Air Force's Decline in Mission-Capable Aircraft Continues | Citizens Against Government Waste

The WasteWatcher is the staff blog of Citizens Against Government Waste (CAGW) and the Council for Citizens Against Government Waste (CCAGW). For questions, contact blog@cagw.org.


The Air Force has a growing dilemma on its hands, exacerbated by aging older platforms, and problematic newer aircraft.

According to a July 26, 2019 Air Force Times article, of the approximately 5,143 planes in the Air Force’s fleet, less than 70 percent were capable of flight in fiscal year (FY) 2018.  This follows a six-year decline in air readiness, where the percentage of aircraft deemed flyable dipped by eight percent.

This problem extends to new and old platforms alike.  The air readiness of the Air Force’s version of the F-35 Joint Strike Fighter (JSF), a platform already hampered by massive cost overruns and delays, dropped by five percent in FY 2018 compared to FY 2017.  Less than 50 percent of the service’s 148 JSFs achieved a mission-capable rating in FY 2018.

The mission-capable rate of another fifth-generation aircraft, the F-22, increased by 2.73 percent in FY 2018.  However, only 51.74 percent of these planes were labeled worthy of flight.

Older planes such as the F-15E also did not fare well.  The mission-capable rate of this model dipped by 4.1 percent to 71.16 percent.

In a July 15, 2019 statement, the Air Force labeled the age of the fleet as the primary factor in the reduction in flyable aircraft.  Air Force planes are on average 28 years old compared to an average of 10 years in 1991.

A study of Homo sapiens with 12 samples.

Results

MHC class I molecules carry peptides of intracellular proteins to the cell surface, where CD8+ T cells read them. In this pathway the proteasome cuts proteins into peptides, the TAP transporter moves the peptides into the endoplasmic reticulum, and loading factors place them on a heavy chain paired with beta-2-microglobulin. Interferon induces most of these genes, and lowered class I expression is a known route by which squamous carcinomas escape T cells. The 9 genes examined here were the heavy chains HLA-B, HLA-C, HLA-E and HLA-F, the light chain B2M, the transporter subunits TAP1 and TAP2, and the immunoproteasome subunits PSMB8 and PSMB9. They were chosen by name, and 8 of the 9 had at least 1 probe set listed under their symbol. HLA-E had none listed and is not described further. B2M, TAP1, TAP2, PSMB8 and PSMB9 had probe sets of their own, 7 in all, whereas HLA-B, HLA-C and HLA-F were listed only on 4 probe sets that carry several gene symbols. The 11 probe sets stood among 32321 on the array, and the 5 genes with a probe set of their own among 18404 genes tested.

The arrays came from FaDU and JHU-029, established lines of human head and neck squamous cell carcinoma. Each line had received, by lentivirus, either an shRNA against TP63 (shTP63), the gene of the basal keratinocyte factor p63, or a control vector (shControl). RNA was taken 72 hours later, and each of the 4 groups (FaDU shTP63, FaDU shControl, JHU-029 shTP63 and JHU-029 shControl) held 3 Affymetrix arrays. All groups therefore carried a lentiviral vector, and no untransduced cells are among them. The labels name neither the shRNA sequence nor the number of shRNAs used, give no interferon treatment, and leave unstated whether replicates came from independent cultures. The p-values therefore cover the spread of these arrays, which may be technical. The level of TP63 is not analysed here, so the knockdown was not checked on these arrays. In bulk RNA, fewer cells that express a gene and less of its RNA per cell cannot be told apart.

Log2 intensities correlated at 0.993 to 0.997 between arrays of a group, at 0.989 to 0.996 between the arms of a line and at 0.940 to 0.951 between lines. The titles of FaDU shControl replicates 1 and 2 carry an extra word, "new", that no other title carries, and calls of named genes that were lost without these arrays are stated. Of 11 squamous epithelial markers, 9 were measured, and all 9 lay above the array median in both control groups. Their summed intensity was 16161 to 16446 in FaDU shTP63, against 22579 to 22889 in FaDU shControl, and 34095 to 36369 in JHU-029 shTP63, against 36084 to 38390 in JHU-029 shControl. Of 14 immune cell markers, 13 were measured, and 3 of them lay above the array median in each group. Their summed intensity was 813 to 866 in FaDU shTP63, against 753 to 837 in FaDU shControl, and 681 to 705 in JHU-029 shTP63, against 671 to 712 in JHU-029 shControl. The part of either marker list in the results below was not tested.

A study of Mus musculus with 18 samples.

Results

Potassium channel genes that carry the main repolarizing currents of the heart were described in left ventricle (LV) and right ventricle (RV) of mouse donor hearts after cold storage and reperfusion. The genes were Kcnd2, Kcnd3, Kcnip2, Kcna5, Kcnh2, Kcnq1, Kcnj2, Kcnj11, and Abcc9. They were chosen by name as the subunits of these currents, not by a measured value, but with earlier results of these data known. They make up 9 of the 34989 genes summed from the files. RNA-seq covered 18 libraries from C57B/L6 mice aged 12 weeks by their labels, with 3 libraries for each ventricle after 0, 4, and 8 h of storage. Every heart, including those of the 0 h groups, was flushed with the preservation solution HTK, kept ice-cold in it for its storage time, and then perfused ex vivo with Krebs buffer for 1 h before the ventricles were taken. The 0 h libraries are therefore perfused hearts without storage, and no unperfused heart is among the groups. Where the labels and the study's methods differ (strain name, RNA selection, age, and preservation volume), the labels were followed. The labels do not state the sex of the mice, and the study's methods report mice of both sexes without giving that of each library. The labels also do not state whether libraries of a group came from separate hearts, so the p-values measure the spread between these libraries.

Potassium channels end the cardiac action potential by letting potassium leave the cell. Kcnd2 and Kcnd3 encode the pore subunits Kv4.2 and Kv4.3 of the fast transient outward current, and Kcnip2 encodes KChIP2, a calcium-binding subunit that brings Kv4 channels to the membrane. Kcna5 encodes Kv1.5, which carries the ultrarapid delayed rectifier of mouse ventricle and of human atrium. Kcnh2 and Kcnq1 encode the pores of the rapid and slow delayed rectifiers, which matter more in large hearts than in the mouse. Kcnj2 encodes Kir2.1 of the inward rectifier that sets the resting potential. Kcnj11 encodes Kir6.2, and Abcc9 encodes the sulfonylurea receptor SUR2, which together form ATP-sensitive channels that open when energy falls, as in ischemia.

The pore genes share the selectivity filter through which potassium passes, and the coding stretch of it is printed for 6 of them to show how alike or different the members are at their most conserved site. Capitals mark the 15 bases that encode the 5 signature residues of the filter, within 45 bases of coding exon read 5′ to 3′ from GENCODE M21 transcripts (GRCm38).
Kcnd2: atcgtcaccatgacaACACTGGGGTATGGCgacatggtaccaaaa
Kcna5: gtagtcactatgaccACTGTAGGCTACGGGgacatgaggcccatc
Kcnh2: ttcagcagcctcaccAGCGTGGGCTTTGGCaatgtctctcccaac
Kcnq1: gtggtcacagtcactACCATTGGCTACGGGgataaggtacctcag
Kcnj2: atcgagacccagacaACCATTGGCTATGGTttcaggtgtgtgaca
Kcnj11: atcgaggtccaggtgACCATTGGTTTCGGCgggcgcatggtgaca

Of course, a significant cause for the increased fleet age is the lengthy delays and high cost of new platforms, and their inability to sufficiently replace aircraft from prior generations.  The best example of this is the F-35, which has been in development for nearly 18 years and is approximately eight years behind schedule.  One of the consequences of the massive delays incurred by the program is that the fourth-generation aircraft the JSF was intended to replace have reached the end of their service lives. 

The poor performance of the JSF and the extreme age of older planes led the Air Force to detail a plan to spend $1.1 billion purchasing 144 F-15EX aircraft, an upgraded version of the F-15C/D, beginning with eight in FY 2020.  The Department of Defense’s current stock of F-15C/Ds has an average age of 35 years.

Given the aging stock of existing planes and the continued deficiencies in fifth-generation models, the Air Force will likely continue to struggle with fielding mission-capable aircraft.  It will also likely be forced to throw good money after bad fixing the JSF’s litany of issues while simultaneously patching up older models.